Old 05-12-2013, 09:18 PM
StillMissOzzie StillMissOzzie is offline

Saw it on the crawl during ESPN's telecast of tonight's Sox game. It said he was 0-8 with an ERA of 9.59. Granted, Humber was pitching for arguably the worst team in baseball this year, so I can't speak to that W-L record, but that lofty ERA means he was not getting anybody out.

If Humber can't stick with the worst team in MLB, is he done, one year removed from a perfect game?

Frater Perdurabo Frater Perdurabo is offline

Lip Man 1 Lip Man 1 is offline

He was never able to overcome the mental side of the game and ultimately it probably ended his career.

He probably is the perfect example for the old saying, "million dollar arm...ten cent head."

Lip
Originally Posted by Lip Man 1 View Post

He probably is the perfect example for the old saying, "million dollar arm...ten cent head."

Lip
You're still talking about a guy who pitched over 350 innings in his professional career, there's probably thousands of guys with just as electric stuff as Humber who never made it above AA.
,

True, but it really doesn't make sense that a pitcher with Humber's physical talents can't be more successful in the majors. Just as Hershieser last night talked about C.J. Wilson getting into his own head too much, that might also apply to Humber.
Red Barchetta Red Barchetta is offline
Originally Posted by Lip Man 1 View Post
In the long article S.I. had on him this off season a big point that was brought out was how difficult it was for him mentally pitching in the big leagues...every pitch had to be perfect, he had to get every hitter out, he had to win every game or his mind started to put undue pressure on him.

He was never able to overcome the mental side of the game and ultimately it probably ended his career.

He probably is the perfect example for the old saying, "million dollar arm...ten cent head."

Lip
So I guess his perfect game only added to his relentless pursuit of perfection. I can't imagine his W/L record and ERA has been too good since that pefecto in Seattle. It obviously hurt him more than it helped him in the long run.
Lip Man 1 Lip Man 1 is offline

Humber admitted in the article that yes it did put pressure on him, he felt that he had to try to "live up" to what he did.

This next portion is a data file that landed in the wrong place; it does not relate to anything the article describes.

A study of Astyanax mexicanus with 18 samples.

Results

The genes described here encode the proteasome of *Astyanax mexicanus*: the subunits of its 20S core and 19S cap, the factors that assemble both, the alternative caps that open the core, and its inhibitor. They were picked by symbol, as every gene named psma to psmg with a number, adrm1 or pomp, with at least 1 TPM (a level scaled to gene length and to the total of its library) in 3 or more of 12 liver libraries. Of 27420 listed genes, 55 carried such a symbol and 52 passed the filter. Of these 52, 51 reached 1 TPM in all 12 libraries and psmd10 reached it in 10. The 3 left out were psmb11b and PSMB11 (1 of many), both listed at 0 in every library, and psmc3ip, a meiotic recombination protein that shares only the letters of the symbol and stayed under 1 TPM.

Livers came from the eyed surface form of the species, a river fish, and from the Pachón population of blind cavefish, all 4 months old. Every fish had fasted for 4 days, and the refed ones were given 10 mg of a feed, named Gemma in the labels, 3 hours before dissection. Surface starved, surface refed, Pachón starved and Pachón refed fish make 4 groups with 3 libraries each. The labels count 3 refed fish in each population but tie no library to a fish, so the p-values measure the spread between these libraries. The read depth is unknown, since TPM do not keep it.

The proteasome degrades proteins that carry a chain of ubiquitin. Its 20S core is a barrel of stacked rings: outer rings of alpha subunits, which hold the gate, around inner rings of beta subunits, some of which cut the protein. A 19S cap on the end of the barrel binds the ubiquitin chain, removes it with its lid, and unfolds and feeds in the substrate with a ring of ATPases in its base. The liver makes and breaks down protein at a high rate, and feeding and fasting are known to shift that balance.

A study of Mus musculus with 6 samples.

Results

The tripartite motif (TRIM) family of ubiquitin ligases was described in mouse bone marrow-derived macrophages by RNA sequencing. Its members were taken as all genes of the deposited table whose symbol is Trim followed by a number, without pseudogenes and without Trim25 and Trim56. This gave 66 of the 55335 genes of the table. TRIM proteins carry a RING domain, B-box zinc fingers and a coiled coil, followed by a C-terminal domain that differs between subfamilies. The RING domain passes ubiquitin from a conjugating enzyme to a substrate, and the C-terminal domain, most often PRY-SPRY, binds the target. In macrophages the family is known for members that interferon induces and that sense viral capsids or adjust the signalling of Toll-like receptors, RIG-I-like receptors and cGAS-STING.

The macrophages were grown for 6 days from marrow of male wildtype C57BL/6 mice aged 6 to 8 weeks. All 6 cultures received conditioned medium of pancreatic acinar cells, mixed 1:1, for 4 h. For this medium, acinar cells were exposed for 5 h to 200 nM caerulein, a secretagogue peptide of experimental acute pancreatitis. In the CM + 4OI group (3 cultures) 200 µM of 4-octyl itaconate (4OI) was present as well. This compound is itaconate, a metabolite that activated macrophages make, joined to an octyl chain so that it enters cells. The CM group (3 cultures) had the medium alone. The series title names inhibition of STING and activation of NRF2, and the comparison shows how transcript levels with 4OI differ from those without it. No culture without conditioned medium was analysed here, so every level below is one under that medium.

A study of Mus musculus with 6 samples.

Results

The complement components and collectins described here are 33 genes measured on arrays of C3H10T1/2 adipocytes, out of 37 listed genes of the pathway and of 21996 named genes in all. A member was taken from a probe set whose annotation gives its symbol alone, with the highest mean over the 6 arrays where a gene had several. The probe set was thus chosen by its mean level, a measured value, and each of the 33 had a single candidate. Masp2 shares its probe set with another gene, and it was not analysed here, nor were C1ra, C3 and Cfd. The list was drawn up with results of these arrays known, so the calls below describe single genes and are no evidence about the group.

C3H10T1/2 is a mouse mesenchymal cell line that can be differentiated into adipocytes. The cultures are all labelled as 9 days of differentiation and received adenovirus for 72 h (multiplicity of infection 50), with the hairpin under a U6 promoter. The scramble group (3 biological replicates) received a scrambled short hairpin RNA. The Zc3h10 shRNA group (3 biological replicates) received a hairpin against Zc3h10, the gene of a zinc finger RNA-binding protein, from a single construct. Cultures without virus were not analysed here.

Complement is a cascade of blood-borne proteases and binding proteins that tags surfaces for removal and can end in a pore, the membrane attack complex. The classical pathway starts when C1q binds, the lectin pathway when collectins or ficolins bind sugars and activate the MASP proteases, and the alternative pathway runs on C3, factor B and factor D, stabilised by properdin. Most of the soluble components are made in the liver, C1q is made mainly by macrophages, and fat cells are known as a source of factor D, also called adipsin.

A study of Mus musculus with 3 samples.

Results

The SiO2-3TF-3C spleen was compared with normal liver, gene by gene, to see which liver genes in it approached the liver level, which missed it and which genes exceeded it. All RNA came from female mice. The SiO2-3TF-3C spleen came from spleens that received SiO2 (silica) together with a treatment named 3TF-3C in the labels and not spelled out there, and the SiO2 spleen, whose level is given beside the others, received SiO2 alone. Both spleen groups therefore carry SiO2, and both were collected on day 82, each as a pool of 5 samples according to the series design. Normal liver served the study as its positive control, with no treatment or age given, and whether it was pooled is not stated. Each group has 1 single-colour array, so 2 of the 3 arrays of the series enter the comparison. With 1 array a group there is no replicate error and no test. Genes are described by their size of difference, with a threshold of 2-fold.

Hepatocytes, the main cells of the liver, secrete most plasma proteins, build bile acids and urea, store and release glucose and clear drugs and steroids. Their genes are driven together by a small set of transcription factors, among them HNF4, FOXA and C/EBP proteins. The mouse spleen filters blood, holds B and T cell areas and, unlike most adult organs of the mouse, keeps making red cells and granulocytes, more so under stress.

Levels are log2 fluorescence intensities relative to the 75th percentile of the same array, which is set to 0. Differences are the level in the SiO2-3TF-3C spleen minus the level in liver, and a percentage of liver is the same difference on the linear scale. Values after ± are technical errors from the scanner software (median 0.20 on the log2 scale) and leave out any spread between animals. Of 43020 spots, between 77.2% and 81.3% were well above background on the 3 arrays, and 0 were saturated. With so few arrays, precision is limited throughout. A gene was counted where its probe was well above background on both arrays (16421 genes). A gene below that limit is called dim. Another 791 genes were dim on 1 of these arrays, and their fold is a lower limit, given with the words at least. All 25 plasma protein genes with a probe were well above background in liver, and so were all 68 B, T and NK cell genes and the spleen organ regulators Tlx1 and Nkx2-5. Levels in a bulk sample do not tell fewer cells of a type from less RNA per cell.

Remember this guy was if I remember correctly, the #5 pick in the draft the year he came out, I guess if you base his career on his draft position he's been a big disappointment.

Lip
Taliesinrk Taliesinrk is offline
russ99 russ99 is online now

Yes, they're the worst team in the AL, but their offense has done fairly well, it's the starting pitching especially that's not done well for them.

Can't say that he didn't get every chance.
Originally Posted by Taliesinrk View Post
I feel you guys writing his eulogy is just slightly premature. I guarantee another team takes a flyer on him and he'll be pitching at worst in AAA (or AA, I guess) soon. With his potential, he's guaranteed to have at least a few more years in the minors with teams giving his a shot to regain form/potential. I could even see some other struggling teams put him in the bullpen right now in a long relief type role.
The guy's 30 years old and his career ERA is well over 5. Not sure how much more "potential" there is in that arm.
The guy's 30 years old and his career ERA is well over 5. Not sure how much more "potential" there is in that arm.
Like Charlie Robertson, he's a mediocre Texas-born pitcher who caught lightning in a bottle one day. That's it.
Even if he never pitches another day in the big leagues, he will always have a spot in White Sox and MLB history for that perfect game. It remains a hell of an accomplishment.
amsteel amsteel is offline
white sox bill white sox bill is online now

Anyone remember Len Barker w/ Cleveland back in the 70's? IIRC he had a no no but that was the climax of a rather mediocre career
In music they are called one hit wonders, so would Phillip be a no hit wonder? Perfect wonder?

Anyone remember Len Barker w/ Cleveland back in the 70's? IIRC he had a no no but that was the climax of a rather mediocre career
LOL, he was already dipping toward mediocrity when he threw his perfecto in 1981, before the strike. The Braves picked him up in 1983, but he spend a lot of time on the DL in 1984 and 1985.

Dallas Braden might be an apt comparison, but he was plagued by injuries after his perfecto. But Braden threw several complete games in his short career.